In the past decade, smartphone use has grown substantially. Seventy-seven percent of U.S. adults own a smartphone, which is more than double the amount that owned a smartphone in 2011, and makes it one of the most quickly adopted consumer technologies in recent times. And now, mobile devices are getting more and more advanced, being used for tasks from job searching to reading books to online shopping and more. With how integral these devices are becoming in our lives, we must also make sure that we are still safe while using them.

According to company Panda Security, there were hundreds of vulnerabilities in mobile security between both Android and iOS devices as of 2018. These can be web-based, app-based, network-based, and even physical if someone gets a hold of your actual device. Being the CEO of MyLife.com, an Internet company, and proponent of data safety, I want people to realize that there are different ways of staying secure as we even more to mobile. Here are some of the best ways you can protect yourself while using a mobile device.

Keep your phone software and apps up to date

This might seem like an obvious one, but I’ve heard several stories about parents or older people who refuse to update their smartphones because they believe that, “Every time I update my phone, it changes everything around.” While that change might be harder for some people to adjust to constantly, failing to do so can leave your mobile device vulnerable to viruses, malware and other online threats that may arise from web browsing or using suspicious apps.

So even if it’s inconvenient, the safest thing is to make sure your devices are up to date. Even further, downloading an antivirus or security app on your phone and keeping that up to date as well can let you know when you’re at risk, and that it’s time to check if your software or apps need to be updated.

Be wary of public wifi

Public wifi at your local Starbucks or the shopping mall might seem great, but it’s important to understand its limitations. First and foremost, these public wifi networks and hotspots aren’t exactly secure. Their public nature means they naturally have less security and are, for the most part, unmonitored, making it much easier for hackers or malicious parties to steal information through these connections.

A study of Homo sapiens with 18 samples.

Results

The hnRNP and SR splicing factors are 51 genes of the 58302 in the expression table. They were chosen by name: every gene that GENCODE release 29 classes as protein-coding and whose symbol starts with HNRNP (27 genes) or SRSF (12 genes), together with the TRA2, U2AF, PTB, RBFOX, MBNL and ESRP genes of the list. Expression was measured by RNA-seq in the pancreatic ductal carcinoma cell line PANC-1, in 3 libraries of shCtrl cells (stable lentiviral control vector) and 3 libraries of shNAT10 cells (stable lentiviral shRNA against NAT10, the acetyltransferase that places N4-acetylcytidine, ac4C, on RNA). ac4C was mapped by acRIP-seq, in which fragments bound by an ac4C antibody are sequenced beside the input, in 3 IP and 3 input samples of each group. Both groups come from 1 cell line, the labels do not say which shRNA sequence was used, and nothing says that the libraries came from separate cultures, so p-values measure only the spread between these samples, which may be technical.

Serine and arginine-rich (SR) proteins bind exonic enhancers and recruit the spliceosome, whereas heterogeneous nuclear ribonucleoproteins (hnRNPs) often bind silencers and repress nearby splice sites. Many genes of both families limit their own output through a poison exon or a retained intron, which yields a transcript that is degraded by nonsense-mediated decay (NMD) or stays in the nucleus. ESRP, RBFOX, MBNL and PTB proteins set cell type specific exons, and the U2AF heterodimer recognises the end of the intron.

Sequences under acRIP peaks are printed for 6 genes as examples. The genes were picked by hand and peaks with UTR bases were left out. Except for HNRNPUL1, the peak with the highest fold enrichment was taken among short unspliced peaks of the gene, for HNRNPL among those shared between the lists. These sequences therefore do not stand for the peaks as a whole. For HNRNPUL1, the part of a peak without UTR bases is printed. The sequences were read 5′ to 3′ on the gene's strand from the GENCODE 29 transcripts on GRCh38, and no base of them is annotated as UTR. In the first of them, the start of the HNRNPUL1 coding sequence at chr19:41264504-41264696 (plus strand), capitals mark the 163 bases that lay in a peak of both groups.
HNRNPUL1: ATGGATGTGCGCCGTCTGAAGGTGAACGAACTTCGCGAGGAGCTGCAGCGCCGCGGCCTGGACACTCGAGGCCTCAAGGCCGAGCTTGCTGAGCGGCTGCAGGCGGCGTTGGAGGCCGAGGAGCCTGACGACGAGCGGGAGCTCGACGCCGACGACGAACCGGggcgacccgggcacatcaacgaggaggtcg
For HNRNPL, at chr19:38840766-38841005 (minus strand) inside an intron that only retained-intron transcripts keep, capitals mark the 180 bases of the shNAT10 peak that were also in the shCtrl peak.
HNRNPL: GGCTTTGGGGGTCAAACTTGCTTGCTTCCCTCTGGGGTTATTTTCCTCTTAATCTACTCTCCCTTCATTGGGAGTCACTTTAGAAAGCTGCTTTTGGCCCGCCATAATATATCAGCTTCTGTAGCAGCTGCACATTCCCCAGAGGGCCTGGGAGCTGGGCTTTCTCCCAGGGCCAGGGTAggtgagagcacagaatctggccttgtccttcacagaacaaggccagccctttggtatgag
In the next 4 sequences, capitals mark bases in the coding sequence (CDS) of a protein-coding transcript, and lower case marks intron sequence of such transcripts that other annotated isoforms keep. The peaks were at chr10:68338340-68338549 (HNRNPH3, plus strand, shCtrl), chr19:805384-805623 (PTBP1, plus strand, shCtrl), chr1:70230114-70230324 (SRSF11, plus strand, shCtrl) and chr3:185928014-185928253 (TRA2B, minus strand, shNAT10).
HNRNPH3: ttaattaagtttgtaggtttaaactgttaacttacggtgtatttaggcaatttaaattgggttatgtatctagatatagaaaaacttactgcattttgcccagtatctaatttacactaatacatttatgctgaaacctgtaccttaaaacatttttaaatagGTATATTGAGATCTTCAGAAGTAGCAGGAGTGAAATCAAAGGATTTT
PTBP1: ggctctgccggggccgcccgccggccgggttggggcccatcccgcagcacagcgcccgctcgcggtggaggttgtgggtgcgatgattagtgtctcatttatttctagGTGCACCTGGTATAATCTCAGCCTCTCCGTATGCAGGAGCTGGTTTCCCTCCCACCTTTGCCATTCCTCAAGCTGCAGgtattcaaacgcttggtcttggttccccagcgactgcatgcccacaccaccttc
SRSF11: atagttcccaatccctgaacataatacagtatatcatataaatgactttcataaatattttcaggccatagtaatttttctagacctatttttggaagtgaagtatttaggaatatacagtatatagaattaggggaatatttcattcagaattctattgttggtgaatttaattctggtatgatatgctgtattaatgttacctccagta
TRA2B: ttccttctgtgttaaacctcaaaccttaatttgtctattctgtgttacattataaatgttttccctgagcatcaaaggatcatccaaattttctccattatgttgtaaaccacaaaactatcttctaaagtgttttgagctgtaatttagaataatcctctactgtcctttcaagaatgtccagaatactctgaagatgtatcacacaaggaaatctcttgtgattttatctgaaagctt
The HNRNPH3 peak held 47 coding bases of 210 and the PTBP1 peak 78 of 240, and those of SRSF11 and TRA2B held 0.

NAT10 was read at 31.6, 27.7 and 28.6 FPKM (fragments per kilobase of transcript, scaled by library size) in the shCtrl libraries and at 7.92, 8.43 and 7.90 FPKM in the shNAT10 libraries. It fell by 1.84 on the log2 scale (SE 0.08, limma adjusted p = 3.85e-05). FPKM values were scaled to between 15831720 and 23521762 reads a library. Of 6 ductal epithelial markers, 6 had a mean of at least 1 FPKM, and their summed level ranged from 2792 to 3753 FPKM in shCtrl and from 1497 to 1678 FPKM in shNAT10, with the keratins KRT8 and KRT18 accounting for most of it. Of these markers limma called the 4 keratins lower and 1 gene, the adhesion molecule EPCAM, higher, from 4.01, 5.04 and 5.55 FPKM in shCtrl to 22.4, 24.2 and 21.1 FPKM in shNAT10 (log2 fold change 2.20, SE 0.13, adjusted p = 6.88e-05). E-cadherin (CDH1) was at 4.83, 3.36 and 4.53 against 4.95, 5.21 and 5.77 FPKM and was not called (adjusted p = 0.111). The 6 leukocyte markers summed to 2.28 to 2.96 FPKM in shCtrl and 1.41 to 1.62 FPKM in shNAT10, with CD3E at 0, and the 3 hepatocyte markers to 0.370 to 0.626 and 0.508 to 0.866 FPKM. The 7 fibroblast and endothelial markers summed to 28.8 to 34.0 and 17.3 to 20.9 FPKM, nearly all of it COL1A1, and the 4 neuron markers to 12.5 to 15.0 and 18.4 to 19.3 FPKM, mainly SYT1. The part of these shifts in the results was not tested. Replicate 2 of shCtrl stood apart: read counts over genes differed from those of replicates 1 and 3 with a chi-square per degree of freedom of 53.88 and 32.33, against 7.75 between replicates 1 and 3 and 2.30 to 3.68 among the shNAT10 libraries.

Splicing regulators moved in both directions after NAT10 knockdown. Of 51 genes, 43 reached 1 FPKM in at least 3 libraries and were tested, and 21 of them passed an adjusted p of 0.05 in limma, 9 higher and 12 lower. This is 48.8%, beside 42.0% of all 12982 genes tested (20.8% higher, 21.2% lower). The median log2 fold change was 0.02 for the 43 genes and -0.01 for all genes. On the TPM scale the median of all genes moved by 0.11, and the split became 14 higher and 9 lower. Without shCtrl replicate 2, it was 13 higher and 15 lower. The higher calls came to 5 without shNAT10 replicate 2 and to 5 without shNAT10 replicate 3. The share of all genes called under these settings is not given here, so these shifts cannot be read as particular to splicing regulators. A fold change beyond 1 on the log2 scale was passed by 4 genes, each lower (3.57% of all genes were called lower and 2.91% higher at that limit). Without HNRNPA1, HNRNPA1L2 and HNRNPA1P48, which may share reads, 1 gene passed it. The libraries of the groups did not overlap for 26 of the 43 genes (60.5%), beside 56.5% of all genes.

For this reason, you should limit how you use your mobile devices when connected to public wifi. Avoid logging into accounts that use sensitive information, such as email or financial services, as well as any mobile shopping. These are all things you might be better off doing at home. But if you are on the go and need to utilize sensitive information, it’s much safer to use your phone’s data plan or to create a personal mobile hotspot. You can also use a VPN, which significantly bolsters your security.

Pay attention to what information apps ask for

These days, virtually every app will want your data and will request it from you upon first use. Mobile apps can intake a vast amount of information with even the most casual of actions. A Wall Street Journal article highlights how much data we give away just by ordering pizza and watching a movie on a night at home. And in 2018, it was discovered that Facebook had stored the phone logs of Android users who opted to share their contact list. With every app you use, whether for mobile games or social media or shopping, it’s essential to be aware that you’ll almost certainly be asked to give some information away.

Of course, the majority of apps are harmless, typically using information to allow for basic functionality. But be aware of when an app’s permissions seem ambiguous, and don’t be afraid to dig into privacy policies and permissions to get a detailed look at what the app is collecting. Also, be sure to delete any old apps that you no longer use, to be safe.

As the founder and CEO of MyLife, helping individuals control their online information is something I am deeply passionate about. I hope that these tips will give you insight into how you can extend that control to your mobile devices.